Results from the Swedish national marine monitoring in the pelagic during 2016 are presented. The institutes who conduct the national monitoring are SMHI (Swedish meteorological and hydrological institute), SU (Stockholm University) and UMF (Umeå marine sciences centre). The presented parameters in this report are; salinity, temperature, oxygen, dissolved inorganic phosphorous, total phosphorous, dissolved inorganic nitrogen, total nitrogen, dissolved silica, chlorophyll and phytoplankton. Secchi depth, zooplankton, humus, primary production, pH and alkalinity are also measured but not presented. Seasonal plots for surface waters are presented in Appendix I. Time series for surface waters (0-10 m) and bottom waters are presented in Appendix II. The amount of nutrients in the sub-basins of the Baltic Sea is presented per season and year in Appendix III.
Exceptional events 2016
- A warm September due to several high pressure systems, with temperatures more than one standard deviation above mean in almost all stations from Skagerrak, Kattegat and the Baltic Proper.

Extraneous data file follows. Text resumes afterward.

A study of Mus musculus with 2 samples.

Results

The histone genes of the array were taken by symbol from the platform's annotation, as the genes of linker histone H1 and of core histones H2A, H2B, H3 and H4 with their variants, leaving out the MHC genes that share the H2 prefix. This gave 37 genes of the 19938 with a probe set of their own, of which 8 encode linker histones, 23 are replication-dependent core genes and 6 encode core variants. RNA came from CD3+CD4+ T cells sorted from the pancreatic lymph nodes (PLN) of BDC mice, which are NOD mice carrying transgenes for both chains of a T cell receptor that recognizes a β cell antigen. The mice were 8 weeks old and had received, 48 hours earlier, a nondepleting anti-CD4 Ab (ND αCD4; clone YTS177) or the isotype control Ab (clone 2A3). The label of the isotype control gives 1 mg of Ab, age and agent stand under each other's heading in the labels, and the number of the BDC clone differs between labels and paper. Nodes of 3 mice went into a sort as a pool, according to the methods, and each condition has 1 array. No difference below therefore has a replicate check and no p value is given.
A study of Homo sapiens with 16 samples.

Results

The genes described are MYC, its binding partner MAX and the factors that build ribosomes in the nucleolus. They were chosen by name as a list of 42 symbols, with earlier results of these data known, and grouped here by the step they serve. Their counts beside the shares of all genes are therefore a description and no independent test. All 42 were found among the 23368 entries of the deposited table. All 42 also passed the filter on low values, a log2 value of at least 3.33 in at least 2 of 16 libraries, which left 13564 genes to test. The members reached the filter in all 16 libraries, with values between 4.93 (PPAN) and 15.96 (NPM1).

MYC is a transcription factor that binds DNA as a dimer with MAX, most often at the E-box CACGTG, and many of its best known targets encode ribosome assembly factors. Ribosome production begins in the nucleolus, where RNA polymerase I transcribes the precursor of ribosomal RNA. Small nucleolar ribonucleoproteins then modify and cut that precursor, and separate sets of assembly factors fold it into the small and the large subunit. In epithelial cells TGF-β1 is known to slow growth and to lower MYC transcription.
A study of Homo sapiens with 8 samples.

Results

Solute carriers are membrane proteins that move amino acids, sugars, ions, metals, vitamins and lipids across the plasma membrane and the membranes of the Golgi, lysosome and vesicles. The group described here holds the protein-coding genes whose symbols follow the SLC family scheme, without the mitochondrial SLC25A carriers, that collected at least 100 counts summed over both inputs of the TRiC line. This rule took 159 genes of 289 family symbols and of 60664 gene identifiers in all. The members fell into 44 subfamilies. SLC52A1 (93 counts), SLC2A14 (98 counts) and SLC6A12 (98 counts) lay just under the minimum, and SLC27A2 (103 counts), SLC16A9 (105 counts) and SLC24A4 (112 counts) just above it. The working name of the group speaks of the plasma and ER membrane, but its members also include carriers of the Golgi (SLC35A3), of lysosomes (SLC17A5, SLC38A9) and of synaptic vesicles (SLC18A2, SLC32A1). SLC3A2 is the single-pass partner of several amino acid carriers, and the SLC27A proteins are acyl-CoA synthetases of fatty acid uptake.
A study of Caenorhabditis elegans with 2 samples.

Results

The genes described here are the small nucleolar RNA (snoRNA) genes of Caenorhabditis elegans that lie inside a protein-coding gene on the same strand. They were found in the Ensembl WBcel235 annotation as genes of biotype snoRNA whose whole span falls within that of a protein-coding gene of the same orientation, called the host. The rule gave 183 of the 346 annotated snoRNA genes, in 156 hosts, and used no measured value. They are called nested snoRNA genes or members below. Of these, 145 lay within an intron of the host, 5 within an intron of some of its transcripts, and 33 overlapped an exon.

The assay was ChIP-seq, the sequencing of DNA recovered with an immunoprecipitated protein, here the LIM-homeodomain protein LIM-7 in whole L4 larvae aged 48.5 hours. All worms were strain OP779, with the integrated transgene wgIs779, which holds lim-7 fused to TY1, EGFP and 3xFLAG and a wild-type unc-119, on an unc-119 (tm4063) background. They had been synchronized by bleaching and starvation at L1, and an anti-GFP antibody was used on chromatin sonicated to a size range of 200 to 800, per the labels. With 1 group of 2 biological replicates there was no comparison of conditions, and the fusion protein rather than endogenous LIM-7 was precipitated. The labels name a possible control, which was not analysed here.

- Low oxygen in Kattegat bottom water during autumn as can be seen in the seasonal plots for both Anholt E and Fladen.
- Improved oxygen condition in the East Gotland Basin, due to an increased frequency of deep water inflows in comparison to the period 1983 until the large inflow in December 2014. The inflow of 30 km3 in the beginning of the year could be tracked in the deep water in the Eastern Gotland Basin in June.
- Elevated levels of silicate have been observed in the Baltic Sea since 2014 and the silicate levels were also elevated this year but mainly in the central and the northern parts of the Baltic Proper.
- In July there were high cell numbers of the dinoflagellate Dinophysis acuminata, which caused high levels of toxins in blue mussels. During this period it was forbidden to harvest blue mussels along the Bohus coast.
- Unusual long period of cyanobacteria bloom in the Baltic Sea.